A new report has warned that UK pensioner mortgage debt will hit £40 billion by 2030 – double what it is now.
The study says soaring house prices, slow wage growth and crippling student loans will combine to force many people to borrow into retirement.
Ticking time bomb
Labour politician Wes Streeting said of the situation: “This is a ticking time bomb. It’s a serious issue.
“The Government needs to take much more radical action to address the housing crisis, by building more homes than planned and providing more help for first time buyers’.
The survey was conducted by the International Longevity Centre and is supported by the Building Societies Association.
It claims more than 1.4 million people between the ages of 35 and 64 will be unable to pay off their mortgage by the time they retire and first time buyers are having to wait longer to step on the first rung of the housing ladder.
Research predicts that it will become more common for families to have to wait until their late thirties or early forties before being able to buy their own home as they struggle to get together enough money for a deposit.
Those that have mortgages may find themselves struggling to pay if off before they retire. Most at risk are the 400,000 borrowers between 55 and 59 – 11.4% of the age group – who are set to borrow into retirement given the terms of their current loans. The percentage falls to 5.4 for the 35 to 49 year olds – an estimated 240,000 people.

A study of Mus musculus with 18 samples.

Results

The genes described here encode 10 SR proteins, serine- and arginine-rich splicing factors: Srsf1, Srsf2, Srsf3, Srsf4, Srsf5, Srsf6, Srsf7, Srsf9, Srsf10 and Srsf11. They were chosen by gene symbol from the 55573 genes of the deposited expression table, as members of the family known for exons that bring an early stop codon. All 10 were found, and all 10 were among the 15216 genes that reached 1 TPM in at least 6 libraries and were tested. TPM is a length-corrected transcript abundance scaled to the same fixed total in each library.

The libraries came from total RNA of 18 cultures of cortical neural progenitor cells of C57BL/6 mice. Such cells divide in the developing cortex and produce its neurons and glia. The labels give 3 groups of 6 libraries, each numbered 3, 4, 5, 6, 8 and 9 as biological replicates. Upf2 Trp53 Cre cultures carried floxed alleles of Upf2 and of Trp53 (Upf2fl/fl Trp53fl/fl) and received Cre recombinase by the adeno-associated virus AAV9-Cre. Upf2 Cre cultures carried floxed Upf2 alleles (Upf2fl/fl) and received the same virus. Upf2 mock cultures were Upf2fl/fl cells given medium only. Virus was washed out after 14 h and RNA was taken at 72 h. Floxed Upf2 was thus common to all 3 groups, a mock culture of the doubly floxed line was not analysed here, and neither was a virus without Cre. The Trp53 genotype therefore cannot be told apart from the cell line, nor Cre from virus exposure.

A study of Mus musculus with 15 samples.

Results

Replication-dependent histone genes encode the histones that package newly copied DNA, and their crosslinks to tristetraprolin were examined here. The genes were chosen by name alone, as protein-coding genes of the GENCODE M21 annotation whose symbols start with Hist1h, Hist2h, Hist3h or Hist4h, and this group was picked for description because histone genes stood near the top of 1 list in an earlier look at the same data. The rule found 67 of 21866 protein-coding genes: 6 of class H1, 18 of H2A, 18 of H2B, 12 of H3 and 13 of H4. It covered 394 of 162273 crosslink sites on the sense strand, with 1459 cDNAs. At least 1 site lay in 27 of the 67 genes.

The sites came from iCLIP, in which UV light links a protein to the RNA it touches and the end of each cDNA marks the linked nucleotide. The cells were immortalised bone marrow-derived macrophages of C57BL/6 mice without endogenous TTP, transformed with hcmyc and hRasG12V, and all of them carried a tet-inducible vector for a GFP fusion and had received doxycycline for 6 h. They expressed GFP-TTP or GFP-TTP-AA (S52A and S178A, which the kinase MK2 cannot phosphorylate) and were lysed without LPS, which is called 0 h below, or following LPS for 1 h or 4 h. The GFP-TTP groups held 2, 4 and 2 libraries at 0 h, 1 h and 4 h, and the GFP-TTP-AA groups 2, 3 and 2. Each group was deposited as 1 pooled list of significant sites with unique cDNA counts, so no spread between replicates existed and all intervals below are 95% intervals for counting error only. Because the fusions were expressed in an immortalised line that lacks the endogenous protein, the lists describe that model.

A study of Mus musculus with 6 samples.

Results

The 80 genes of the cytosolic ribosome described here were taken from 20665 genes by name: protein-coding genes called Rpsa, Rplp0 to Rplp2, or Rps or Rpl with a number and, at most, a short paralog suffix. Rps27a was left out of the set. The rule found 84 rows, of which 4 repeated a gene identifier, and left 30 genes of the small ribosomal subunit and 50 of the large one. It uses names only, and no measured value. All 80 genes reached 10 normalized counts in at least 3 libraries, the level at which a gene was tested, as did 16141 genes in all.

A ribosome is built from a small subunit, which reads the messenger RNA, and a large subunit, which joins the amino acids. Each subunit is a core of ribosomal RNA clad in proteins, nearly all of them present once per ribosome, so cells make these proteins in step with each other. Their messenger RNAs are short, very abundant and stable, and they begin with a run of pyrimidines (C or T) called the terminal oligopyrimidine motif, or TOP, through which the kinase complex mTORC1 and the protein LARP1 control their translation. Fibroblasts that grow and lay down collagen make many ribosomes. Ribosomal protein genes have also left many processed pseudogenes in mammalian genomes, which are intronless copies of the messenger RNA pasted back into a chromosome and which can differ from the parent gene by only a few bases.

Loans with terms as long as 35 years have become increasingly popular in recent years as borrowers try to spread the cost of their loans.
The report comments: “Current economic trends such as house price inflation, tighter credit conditions and low real growth means we can expect to see a significant shift in the customer base over the next thirteen years.”
It claims the UK mortgage market is undergoing ‘a marked evolution from the traditional route’ by which first time buyers were in their twenties, traded up in their thirties and forties and arrived at older age with little or no mortgage debt.
Those who have already retired are generally able to afford their repayments, but there is a stark warning for those who may be forced to borrow into retirement in the future that they might not be ‘as financially comfortable.’
Paul Broadhead, head of mortgage policy at the Building Societies Association, says the changes in the market are ‘unstoppable’ and that ministers, lenders and consumers all need to adapt.
Former pensions minister Baroness Altmann says that too many lenders are adopting a ‘computer says no’ attitude to lending to older borrowers because they are worried they will fall into arrears in retirement.
Secure pension income
She said: “More people are likely to need to take out mortgages that last into their old age. If they have a secure pension income, there should not be too much of a problem.
‘Unfortunately, though, many of the banks are still refusing to lend to people if their mortgage would last into retirement. However, some building societies have changed their policy and are recognising that people can repay their mortgages even if they are no longer working.’